Word of mouth, or viva voce,[3]


[edit] Storytelling

Storytelling often involves improvisation or embellishment. Stories or narratives have been shared in every culture as a means of entertainment, education, cultural preservation and in order to instill moral values.

The earliest forms of storytelling were thought to have been primarily oral combined with gesture storytelling for many of the ancient cultures. The Australian Aboriginal people painted symbols from stories on cave walls as a means of helping the storyteller remember the story. The story was then told using a combination of oral narrative, music, rock art and dance.

Traditionally, oral stories were committed to memory and then passed from generation to generation. However, in literate societies, written and televised media have largely replaced this method of communicating local, family and cultural histories. Oral storytelling remains the dominant medium of learning in some countries with low literacy rates.

[edit] Oral tradition

writing system.

Sociologists emphasize a requirement that the material is held in common by a group of people, over several generations, and thus distinguish oral tradition from [11]

[edit] Oral history


[edit] Word-of-mouth marketing


To promote and manage word-of-mouth communications, marketers use publicity techniques as well as viral marketing methods to achieve desired behavioral response. Companies can focus on brand advocates, the people who proactively recommend their favorite brands and products online and offline without being paid to do so.[16] Influencer marketing is also increasingly used to seed WOMM by targeting key individuals who have authority and many personal connections.

Marketers place significant value on positive word-of-mouth, which is traditionally achieved by creating products, services and customer experiences that generate conversation-worthy “buzz” naturally.[20]

[edit] See also

[edit] References

  1. ^ http://www.thefreedictionary.com/by+word+of+mouth
  2. ^ http://42explore.com/story.htm
  3. ^ http://www.entrepreneur.com/encyclopedia/term/82660.html
  4. ^ Vansina, Jan: “Oral Tradition as History”, 1985, James Currey Publishers, ISBN 0-85255-007-3, ISBN 978-0-85255-007-6; at page 27 and 28, where Vasina defines oral tradition as “verbal messages which are reported statements from the past beyond the present generation” which “specifies that the message must be oral statements spoken sung or called out on musical instruments only”; “There must be transmission by word of mouth over at least a generation”. He points out that “Our definition is a working definition for the use of historians. Sociologists, linguists or scholars of the verbal arts propose their own, which in, e.g., sociology, stresses common knowledge. In linguistics, features that distinguish the language from common dialogue (linguists), and in the verbal arts features of form and content that define art (folklorists).”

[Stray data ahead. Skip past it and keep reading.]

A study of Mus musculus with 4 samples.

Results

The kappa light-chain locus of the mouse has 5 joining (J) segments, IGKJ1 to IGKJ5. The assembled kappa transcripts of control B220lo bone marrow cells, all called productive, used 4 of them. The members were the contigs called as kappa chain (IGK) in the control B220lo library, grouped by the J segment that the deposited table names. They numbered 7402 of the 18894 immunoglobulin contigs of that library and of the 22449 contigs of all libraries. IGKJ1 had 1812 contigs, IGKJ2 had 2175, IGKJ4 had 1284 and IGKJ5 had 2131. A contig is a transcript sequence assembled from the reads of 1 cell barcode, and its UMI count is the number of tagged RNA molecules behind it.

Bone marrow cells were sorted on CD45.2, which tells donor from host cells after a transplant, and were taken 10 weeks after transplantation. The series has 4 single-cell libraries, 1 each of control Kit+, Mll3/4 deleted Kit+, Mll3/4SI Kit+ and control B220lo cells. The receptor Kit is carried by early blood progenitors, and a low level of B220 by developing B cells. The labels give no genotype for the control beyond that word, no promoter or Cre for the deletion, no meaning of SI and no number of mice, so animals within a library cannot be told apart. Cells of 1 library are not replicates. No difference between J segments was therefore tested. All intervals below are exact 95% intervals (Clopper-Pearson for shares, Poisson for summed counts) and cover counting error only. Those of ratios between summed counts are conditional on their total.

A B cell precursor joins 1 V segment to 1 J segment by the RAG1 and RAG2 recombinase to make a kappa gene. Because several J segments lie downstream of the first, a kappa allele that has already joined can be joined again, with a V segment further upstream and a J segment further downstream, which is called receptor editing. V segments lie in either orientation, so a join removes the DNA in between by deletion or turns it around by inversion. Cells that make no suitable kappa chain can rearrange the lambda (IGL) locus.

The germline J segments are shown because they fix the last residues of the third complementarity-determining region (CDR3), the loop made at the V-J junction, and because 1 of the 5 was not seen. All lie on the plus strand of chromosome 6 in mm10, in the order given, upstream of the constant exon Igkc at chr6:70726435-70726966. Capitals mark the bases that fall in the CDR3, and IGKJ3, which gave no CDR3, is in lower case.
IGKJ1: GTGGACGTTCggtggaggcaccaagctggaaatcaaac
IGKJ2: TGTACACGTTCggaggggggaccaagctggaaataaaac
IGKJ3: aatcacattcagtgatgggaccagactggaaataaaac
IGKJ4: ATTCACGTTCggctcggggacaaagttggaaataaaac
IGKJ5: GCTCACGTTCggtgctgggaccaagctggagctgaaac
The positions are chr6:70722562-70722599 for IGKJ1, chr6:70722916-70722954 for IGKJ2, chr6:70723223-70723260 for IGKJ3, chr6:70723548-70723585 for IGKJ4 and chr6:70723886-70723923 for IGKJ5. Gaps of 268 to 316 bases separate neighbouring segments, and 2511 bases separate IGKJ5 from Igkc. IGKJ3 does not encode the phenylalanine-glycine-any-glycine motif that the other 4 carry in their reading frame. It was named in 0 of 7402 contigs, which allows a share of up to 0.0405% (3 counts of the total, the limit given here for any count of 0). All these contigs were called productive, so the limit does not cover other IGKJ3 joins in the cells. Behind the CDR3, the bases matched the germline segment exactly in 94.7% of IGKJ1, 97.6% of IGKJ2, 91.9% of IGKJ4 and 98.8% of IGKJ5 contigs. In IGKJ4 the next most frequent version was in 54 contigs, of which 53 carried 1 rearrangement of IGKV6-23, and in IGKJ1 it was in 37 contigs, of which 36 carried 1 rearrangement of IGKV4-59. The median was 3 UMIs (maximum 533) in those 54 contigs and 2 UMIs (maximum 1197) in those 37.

5. ^ Ki-Zerbo, Joseph: “Methodology and African Prehistory”, 1990, UNESCO International Scientific Committee for the Drafting of a General History of Africa; James Currey Publishers, ISBN 0-85255-091-X, 9780852550915; see Ch. 7; “Oral tradition and its methodology” at pages 54-61; at page 54: “Oral tradition may be defined as being a testimony transmitted verbally from one generation to another. Its special characteristics are that it is verbal and the manner in which it is transmitted.”
  6. ^ Henige, David. Oral, but Oral What? The Nomenclatures of Orality and Their Implications Oral Tradition, 3/1-2 (1988): 229-38. p 232; Henige cites Jan Vansina (1985). Oral tradition as history. Madison, WI: University of Wisconsin Press
  7. ^ Degh, Linda. American Folklore and the Mass Media. Bloomington:IUP, 1994, p. 31
  8. ^ Dundes, Alan, “Editor’s Introduction” to “The Theory of Oral Composition,” John Miles Foley. Bloomington, IUP, 1988, pp. ix-xii
  9. ^ Henige, David. Oral, but Oral What? The Nomenclatures of Orality and Their Implications Oral Tradition, 3/1-2 (1988): 229-38. p 232; Henige cites Jan Vansina (1985). Oral tradition as history. Madison, WI: University of Wisconsin Press
  10. ^ Oral History
  11. ^ Ong, Walter, S.J., “Orality and Literacy: The Technologizing of the Word.” London: Methuen, 1982 p 12
  12. ^ Keakopa, M. (1998). The role of the archivist in the collection and preservation of oral traditions. S.A. Archives Journal, 40,87-93.
  13. ^ Grewal, R., T.W. Cline, and A. Davies, 2003. Early-Entrant Advantage, Word-of-Mouth Communication, Brand Similarity, and the Consumer Decision-Making Process. Journal of Consumer Psychology, 13(3).
  14. ^ Stach, A. and A. Serenko, 2010. The Impact of Expectation Disconfirmation on Customer Loyalty and Recommendation Behavior: Investigating Online Travel and Tourism Services. Journal of Information Technology Management, XX(3), p. 26-41.
  15. ^ Turel, O., A. Serenko, and N. Bontis, 2010. User Acceptance of Hedonic Digital Artifacts: A Theory of Consumption Values Perspective. Information & Management, 47(1), p. 53-59.
  16. ^ http://www.reuters.com/article/2010/11/08/us-vcj-zuberance-idUSTRE6A731G20101108
  17. ^ Word of mouth advertising: Marketing-made-simple.com
  18. Laws Enforced by the Federal Trade Commission
  19. ^ Word of Mouth Marketing Association Ethics Code
  20. ^ American Marketing Association Best Practices for Word of Mouth Communications

This article uses material from the Wikipedia article Word-of-mouth, which is released under the Creative Commons Attribution-Share-Alike License 3.0.